It’s already one of the world’s most original commutes — the ferry trip between Istanbul’s European and Asian sides gives a daily quarter of a million passengers unforgettable views on their way to work, AFP reports.
Now the Turkish city is offering music to offset the seascapes, and for the amateur musicians providing it, it’s a chance to make some crucial money in difficult economic times.
The musicians work hard to ensure their music reflects Istanbul’s unique position as a city straddling East and West.
“We travel back and forth between the two continents and we try to express emotions sparked by the two cultures: a kind of fusion, a synthesis,” Oguzhan Erdem, one of the ferry musicians, told AFP.
Until recently, ferry musicians played without authorisation, but city authorities realised they were missing an opportunity and launched a project to make them an official part of the experience.
Erdem plays the Turkish ney reed flute, an instrument traditionally used by Sufis, a mystical branch of Islam, while his band mate plays a Western-style keyboard.
“It’s merging the East with the West,” said Erdem.
Like being in a movie
In total, 82 musicians work on the intra-city line from 9:00 am until the last ferry at 1:00 am.
Ferry musicians rely on the tips to make their living and it has offered a lifeline for those struggling with Turkey’s economic downturn.
Erdem, who also plays in the streets and with his band “DoguBang”, had failed to find work as an interior designer.
“The job market is so bad. When I was brooding over what I will do, I saw a young girl singing in the ferry one day and asked myself ‘why don’t I give it a try’,” he said.
He has now been playing the ney on ferries for the past nine months.
Istanbul is full of buskers — both Turkish and foreign — particularly on its busy shopping hub of Istiklal Avenue.
Eren Koc, who plays the keyboard, is a sculptor by profession and found himself playing on the ferries after visiting the city for one of his exhibitions.
“There are interesting moments on the ferries. When applause suddenly breaks out or some people stand up and dance — it is like being in a movie,” he said.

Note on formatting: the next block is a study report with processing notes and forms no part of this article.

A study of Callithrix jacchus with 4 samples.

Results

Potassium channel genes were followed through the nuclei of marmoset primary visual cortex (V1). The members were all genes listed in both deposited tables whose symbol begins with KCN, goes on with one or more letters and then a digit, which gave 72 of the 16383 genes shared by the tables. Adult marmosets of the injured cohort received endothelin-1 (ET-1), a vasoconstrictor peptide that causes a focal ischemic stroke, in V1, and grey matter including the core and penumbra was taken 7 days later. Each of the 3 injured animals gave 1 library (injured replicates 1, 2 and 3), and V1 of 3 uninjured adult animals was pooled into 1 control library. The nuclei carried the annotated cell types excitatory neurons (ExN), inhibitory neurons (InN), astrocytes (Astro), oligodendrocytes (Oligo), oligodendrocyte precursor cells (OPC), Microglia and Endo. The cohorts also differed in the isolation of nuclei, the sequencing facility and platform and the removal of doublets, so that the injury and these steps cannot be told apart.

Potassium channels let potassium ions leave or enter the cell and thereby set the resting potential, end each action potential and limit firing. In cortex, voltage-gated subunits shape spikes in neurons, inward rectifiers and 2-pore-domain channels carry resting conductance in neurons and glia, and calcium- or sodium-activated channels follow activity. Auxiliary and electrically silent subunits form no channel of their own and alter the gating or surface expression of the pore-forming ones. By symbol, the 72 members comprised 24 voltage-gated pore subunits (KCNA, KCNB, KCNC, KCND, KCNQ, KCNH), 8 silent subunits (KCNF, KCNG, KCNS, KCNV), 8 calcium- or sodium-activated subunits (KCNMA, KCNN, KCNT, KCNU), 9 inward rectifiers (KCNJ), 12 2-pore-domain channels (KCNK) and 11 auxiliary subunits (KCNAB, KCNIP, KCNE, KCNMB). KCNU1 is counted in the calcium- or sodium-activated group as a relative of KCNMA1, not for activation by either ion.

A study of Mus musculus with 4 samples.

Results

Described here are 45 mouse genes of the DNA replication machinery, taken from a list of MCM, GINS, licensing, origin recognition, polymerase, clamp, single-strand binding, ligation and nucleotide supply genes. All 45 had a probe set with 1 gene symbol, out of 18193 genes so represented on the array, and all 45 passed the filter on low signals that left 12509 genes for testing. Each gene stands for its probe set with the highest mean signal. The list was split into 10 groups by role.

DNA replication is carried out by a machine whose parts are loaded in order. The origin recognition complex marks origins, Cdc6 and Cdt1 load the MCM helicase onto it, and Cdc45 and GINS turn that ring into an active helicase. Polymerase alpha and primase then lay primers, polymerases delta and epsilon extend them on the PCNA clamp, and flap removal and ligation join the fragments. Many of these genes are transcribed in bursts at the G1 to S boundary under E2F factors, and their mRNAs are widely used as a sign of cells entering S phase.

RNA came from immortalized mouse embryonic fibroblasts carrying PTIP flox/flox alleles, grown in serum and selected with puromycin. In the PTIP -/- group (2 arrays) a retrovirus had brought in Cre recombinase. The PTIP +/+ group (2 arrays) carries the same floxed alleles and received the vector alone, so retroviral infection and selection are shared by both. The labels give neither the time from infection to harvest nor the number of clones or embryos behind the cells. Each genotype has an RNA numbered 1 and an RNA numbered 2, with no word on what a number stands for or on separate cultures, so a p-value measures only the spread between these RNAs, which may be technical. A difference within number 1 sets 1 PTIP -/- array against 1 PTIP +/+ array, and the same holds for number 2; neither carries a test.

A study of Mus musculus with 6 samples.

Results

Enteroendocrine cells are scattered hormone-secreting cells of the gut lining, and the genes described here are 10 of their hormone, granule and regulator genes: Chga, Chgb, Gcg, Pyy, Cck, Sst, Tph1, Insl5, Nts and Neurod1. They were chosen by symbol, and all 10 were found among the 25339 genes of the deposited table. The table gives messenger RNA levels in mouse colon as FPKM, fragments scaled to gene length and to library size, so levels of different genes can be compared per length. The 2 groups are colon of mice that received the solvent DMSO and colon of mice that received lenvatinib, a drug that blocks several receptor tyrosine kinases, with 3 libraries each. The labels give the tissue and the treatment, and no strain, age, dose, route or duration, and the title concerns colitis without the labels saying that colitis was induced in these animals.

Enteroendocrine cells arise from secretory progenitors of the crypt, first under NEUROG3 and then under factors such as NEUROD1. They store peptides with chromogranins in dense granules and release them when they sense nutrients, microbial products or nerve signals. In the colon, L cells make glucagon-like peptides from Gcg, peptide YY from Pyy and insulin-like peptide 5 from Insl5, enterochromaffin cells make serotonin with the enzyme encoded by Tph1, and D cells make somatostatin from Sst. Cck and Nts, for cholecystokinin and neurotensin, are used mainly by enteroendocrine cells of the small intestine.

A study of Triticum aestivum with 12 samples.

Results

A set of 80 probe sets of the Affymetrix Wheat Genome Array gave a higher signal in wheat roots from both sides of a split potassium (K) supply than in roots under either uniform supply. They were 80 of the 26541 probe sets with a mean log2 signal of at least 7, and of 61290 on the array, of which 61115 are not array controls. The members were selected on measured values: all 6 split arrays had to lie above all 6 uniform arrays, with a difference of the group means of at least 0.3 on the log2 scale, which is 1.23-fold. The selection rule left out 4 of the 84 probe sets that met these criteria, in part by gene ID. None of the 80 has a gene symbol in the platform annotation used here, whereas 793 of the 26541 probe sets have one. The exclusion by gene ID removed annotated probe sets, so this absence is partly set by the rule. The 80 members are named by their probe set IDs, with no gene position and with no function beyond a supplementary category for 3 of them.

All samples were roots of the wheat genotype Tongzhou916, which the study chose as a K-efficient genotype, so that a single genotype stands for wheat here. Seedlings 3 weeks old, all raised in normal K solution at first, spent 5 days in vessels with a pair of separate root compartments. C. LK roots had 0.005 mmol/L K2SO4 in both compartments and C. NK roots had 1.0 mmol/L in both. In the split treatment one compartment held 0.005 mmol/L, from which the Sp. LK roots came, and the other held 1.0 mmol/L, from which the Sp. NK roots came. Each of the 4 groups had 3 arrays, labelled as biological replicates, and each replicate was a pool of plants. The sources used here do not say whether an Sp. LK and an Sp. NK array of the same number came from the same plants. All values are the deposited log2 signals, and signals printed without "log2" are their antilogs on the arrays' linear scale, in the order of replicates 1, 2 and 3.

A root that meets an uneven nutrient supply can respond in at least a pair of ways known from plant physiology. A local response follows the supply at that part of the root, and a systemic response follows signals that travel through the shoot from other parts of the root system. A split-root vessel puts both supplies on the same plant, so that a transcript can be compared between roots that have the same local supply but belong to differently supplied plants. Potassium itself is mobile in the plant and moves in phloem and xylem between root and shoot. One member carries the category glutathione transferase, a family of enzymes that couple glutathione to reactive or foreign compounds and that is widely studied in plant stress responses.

For some commuters, it can be a truly emotional experience after a hard day at work.
“The tunes speak to my soul and rest my mind. It takes me back to the past,” said Nimet, with tears in her eyes as she listened to the ney.
“Like the water flowing in the Bosphorus, it is triggering a flow of emotions inside,” she said, wistfully.
Erdem is happy to inspire people.
“In the evenings people leave work and return to their home. They empty their mind, reach a kind of serenity. I see many sleeping in peace. This is a source of great pleasure for me,” he said.
Tunc Baydar, coordinator of the project for the municipality, said musicians playing in an unauthorised fashion had previously caused problems for the crew and security personnel.
“We kicked off the ‘Music on the Ferry’ project in 2016 so that we could create an environment for those musicians to play in the ferry with permission, more comfortably,” he said.
“We have turned the ferry musicians into part of our brand.”
Baydar said that they were always on the lookout for new talented musicians.
“We watch their videos on social media. We’ve even begun recruiting conservatoire students.”
Many world capitals have great buskers — and some have even become megastars like Ed Sheeran — but few cities offer as stunning a backdrop.
“We listen to music in the metros in Europe but it’s so beautiful on the sea,” said Berker Colak, a tourist from Germany who came to Istanbul with his fiance.
“The seagulls and the music create a really authentic ambiance, a real harmony.”